Meranti is forecast to make landfall along the southern tip of the island of Taiwan, home to more than 23 million people, on Wednesday morning local time.
Fortunately, most of the population lives on the northern and western side of the island. Even though Meranti, which likely will still be a super typhoon at landfall (meaning the winds are in excess of 150 mph/240 kph) on the southern tip, the entire island will feel the storm’s wrath.
The tropical storm-force wind field from Meranti stretches more than 350 miles (560 km) from one end to the other; Taiwan is only about 230 miles long (370 kms).
Dangerous winds, however, are only one of the potentially devastating impacts Meranti will unleash on Taiwan and then mainland China. Torrential rainfall, which frequently accumulates to over 3 feet (1 metre) over the mountainous terrain of central Taiwan during typhoons, can produce deadly flash floods and devastating mudslides.
Taiwan, which is a frequent target for powerful Pacific typhoons, has a very good track record of limiting their deadly impacts. But as the storms move into the mainland, they often turn deadlier. A combination of flatter terrain that is prone to storm surge and inland flooding, higher population and more vulnerable living conditions often result in higher numbers of people killed and misplaced by the storm.
This was the case with a similar storm, Super Typhoon Nerpartak, which hit in almost the same location as Meranti is forecast to travel. Nepartak, which made landfall on July 8, caused at least three deaths in Taiwan and cut power to over half a million, but became much deadlier as it moved into mainland China.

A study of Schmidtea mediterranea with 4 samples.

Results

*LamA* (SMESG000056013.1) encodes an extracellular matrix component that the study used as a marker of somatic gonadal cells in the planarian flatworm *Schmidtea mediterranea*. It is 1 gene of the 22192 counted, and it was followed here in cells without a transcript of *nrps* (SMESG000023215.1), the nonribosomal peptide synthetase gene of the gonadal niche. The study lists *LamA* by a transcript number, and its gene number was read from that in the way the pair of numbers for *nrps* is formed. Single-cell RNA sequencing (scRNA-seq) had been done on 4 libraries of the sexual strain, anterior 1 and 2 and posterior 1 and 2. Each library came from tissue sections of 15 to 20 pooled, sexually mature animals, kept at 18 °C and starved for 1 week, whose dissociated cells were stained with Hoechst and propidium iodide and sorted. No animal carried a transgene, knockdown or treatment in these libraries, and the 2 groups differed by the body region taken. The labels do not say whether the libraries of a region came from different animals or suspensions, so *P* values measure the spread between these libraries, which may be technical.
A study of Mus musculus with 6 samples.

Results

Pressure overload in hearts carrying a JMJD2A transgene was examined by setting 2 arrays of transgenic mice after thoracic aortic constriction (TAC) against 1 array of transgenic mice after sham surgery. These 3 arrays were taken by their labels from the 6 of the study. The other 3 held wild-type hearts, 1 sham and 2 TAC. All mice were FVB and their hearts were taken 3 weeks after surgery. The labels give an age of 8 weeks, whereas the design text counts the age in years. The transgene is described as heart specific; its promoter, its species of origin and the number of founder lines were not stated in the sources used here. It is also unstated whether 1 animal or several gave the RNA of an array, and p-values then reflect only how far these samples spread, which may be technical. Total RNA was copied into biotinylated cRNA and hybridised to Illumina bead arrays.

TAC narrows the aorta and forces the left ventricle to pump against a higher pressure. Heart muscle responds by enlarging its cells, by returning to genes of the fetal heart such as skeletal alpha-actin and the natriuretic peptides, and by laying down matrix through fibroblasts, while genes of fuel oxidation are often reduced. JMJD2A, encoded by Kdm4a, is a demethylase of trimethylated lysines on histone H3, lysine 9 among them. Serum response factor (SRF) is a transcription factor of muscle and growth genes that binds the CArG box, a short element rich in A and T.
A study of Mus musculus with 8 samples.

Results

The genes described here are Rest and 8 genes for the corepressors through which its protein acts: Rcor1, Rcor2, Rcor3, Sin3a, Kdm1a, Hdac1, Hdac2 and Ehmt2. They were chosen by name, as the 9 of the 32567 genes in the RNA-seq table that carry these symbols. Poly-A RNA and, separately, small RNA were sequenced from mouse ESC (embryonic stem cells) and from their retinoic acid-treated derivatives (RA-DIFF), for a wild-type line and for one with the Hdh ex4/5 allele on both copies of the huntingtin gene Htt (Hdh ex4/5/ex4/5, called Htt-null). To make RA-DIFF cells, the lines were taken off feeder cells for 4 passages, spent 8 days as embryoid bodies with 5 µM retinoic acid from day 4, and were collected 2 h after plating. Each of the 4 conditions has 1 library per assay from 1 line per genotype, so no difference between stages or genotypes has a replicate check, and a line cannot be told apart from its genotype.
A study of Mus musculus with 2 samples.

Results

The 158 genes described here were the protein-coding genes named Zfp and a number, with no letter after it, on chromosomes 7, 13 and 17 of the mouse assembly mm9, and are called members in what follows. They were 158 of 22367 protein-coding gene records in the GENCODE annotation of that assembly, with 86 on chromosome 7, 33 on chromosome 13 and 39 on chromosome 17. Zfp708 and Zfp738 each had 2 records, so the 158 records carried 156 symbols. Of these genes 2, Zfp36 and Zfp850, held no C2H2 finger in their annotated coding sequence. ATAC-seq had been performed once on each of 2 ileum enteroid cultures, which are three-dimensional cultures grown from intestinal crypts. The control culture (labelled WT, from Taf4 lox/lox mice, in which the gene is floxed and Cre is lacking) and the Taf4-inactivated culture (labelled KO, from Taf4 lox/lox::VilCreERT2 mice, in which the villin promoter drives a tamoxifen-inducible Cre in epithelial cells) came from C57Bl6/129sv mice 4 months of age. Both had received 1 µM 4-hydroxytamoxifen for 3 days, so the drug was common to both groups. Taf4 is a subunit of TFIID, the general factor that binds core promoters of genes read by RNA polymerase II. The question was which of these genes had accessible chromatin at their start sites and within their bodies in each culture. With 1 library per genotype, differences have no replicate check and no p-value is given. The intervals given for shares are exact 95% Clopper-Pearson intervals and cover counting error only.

Despite weakening to a tropical storm as it hit mainland China, Nepartak and the associated heavy rainfall of up to 10 inches (254 mm) killed more than 80 people. Meranti is expected to be much stronger than Nepartak when it hits mainland China, with winds around 115 mph (185 kph), which would make it equivalent to a major Category 3 hurricane in the Atlantic.
A combination of very warm western Pacific ocean waters and weak upper level winds have allowed Meranti (pronounced me-run-ti) to undergo what meteorologists call “rapid intensification.” It went from 85 mph (140 kph) on Sunday to a sustained 180 mph (285 kph) on Monday afternoon.
Rapid intensification presents great challenges to forecasters and disaster management officials, as it can quickly up the ante when it comes to expected impacts from tropical cyclones.
If the forecast holds, and Super Typhoon Meranti makes landfall with winds of 155 mph (250 kph), it would be the strongest typhoon to make landfall in Taiwan since Super Typhoon Bilis in 2000.
– By friend of WeatherWatch and CNN Senior Meteorologist Brandon Miller.